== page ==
Wonderful World Wednesday
White Dog has come over the past few days of conversation to understand the importance of humans celebrating a new year and the significance of an unwritten 365 days still ripe with hope and potential. The WDA knows that there are reasons every single day for gratitude and that heroes do not just appear on January 1st. But for humans to be reminded this time of year that this is wonderful world full of people working to make it better seems to recharge human spirit and to inspire. So tonight we share this story of the future being shaped by the future generation; Young Wonders already hard at work changing the environment, helping those in need, creating innovative solutions to build a better world…
'Young Wonders' stepped up, changed the world
By CNN Staff updated 12:11 PM EST, Fri December 21, 2012
Cassandra LinCassandra Lin is changing the world one french fry at a time.
Four years ago, at the age of 10, she decided she wanted to do something for the environment and help the less fortunate in her Rhode Island community. She gathered her friends and created Project TGIF -- Turning Grease Into Fuel. The organization collects used cooking oil from restaurants and homes, refines it and then distributes a percentage of it to families who can't afford to heat their homes.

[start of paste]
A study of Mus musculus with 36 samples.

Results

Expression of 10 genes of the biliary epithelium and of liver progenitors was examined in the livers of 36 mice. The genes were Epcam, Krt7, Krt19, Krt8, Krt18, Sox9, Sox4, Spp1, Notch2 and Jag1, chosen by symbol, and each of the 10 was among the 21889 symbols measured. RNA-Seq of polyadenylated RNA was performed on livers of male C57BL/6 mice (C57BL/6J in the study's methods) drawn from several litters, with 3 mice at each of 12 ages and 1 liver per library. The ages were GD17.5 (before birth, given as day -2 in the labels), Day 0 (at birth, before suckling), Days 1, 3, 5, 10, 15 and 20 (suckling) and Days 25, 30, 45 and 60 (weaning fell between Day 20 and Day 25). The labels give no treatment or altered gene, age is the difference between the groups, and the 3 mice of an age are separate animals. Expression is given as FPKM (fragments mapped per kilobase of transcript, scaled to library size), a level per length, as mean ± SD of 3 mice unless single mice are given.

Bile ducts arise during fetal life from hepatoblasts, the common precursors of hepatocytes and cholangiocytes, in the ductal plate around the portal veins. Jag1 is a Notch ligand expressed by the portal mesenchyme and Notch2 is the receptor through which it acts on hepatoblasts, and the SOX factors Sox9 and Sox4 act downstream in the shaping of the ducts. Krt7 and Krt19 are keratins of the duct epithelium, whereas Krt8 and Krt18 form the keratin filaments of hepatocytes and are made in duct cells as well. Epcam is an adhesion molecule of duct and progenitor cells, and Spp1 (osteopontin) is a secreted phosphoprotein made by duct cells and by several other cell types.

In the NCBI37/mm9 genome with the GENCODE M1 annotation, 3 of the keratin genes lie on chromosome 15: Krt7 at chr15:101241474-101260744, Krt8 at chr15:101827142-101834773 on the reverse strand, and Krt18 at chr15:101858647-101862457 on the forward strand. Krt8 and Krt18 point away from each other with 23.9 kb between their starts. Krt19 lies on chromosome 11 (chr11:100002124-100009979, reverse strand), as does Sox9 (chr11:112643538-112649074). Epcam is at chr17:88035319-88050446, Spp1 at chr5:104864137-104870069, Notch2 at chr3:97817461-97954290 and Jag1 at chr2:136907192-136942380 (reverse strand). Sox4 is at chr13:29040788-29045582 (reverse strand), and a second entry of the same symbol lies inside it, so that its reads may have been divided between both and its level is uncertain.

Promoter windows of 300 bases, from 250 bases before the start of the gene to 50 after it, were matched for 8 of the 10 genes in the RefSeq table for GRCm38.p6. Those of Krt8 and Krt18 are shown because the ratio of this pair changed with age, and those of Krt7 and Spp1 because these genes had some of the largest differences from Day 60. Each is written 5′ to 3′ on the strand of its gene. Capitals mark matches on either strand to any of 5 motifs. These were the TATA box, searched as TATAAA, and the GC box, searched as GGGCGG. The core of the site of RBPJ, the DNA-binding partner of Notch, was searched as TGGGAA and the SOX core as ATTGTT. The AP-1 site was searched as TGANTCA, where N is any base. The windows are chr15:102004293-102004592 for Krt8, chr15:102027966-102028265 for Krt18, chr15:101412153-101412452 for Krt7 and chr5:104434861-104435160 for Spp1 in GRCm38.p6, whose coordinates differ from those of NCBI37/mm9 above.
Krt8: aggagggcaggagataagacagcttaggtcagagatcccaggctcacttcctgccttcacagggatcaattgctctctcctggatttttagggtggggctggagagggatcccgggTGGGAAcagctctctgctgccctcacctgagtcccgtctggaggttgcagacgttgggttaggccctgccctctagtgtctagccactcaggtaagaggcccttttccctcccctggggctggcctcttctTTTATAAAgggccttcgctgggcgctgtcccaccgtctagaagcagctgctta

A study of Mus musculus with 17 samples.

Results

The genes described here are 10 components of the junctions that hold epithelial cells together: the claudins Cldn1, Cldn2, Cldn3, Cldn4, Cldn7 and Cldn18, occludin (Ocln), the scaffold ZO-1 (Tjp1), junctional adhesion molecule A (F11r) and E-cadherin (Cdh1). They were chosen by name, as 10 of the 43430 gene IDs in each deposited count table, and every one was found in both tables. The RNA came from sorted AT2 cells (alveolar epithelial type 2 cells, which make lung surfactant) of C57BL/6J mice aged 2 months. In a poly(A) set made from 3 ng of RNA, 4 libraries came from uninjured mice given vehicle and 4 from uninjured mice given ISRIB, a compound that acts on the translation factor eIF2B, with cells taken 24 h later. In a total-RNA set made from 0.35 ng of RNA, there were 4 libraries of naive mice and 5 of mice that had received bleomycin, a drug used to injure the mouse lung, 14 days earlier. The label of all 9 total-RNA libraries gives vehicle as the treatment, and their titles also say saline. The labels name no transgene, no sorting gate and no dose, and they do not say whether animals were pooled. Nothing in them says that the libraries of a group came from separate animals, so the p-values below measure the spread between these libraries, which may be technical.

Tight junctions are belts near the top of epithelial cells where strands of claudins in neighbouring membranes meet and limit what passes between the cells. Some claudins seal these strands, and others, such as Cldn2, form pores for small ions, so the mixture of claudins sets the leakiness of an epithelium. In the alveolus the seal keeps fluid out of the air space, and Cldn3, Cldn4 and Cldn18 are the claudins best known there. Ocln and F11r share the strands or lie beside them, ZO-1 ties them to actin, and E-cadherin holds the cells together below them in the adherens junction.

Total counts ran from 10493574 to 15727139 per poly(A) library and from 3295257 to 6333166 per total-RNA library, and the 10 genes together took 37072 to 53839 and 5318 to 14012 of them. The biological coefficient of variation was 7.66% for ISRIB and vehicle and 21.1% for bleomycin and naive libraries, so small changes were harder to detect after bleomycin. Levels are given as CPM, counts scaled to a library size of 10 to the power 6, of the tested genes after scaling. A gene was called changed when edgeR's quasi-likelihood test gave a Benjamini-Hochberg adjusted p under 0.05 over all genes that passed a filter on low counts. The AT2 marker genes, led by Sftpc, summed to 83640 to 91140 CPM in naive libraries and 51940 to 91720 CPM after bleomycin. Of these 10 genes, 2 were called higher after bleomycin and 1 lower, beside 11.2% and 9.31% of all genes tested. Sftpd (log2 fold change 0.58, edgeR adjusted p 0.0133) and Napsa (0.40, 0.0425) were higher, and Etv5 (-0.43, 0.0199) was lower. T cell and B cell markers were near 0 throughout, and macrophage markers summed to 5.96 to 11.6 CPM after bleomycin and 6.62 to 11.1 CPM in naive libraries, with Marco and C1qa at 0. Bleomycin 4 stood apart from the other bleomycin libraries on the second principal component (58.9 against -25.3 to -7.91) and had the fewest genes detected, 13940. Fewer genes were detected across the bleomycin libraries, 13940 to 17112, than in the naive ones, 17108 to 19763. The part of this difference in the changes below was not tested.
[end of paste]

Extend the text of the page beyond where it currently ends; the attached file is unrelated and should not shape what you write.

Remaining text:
So far, Cassandra and her team have collected 130,000 gallons of used cooking oil and donated $81,000 for the purchase of biofuel. This has amounted to 21,000 gallons of BioHeat distributed to 210 homes. These efforts have also offset 2 million pounds of carbon dioxide emissions from the environment.
Last year, the group helped draft legislation that makes it mandatory for all businesses in Rhode Island to recycle their used cooking oil. The bill went into effect January 1.
"I was trying to talk about biodiesel and just could not get anywhere with it," said Caswell Cooke, a town councilor in Westerly, Rhode Island. "And (Cassandra) came along and did it, to get restaurants to recycle their grease. ... The fact that it was coming from kids made it hit home a lot harder. 'The child shall lead them' sort of thing."
Cassandra's next goal is for the program to be implemented throughout New England.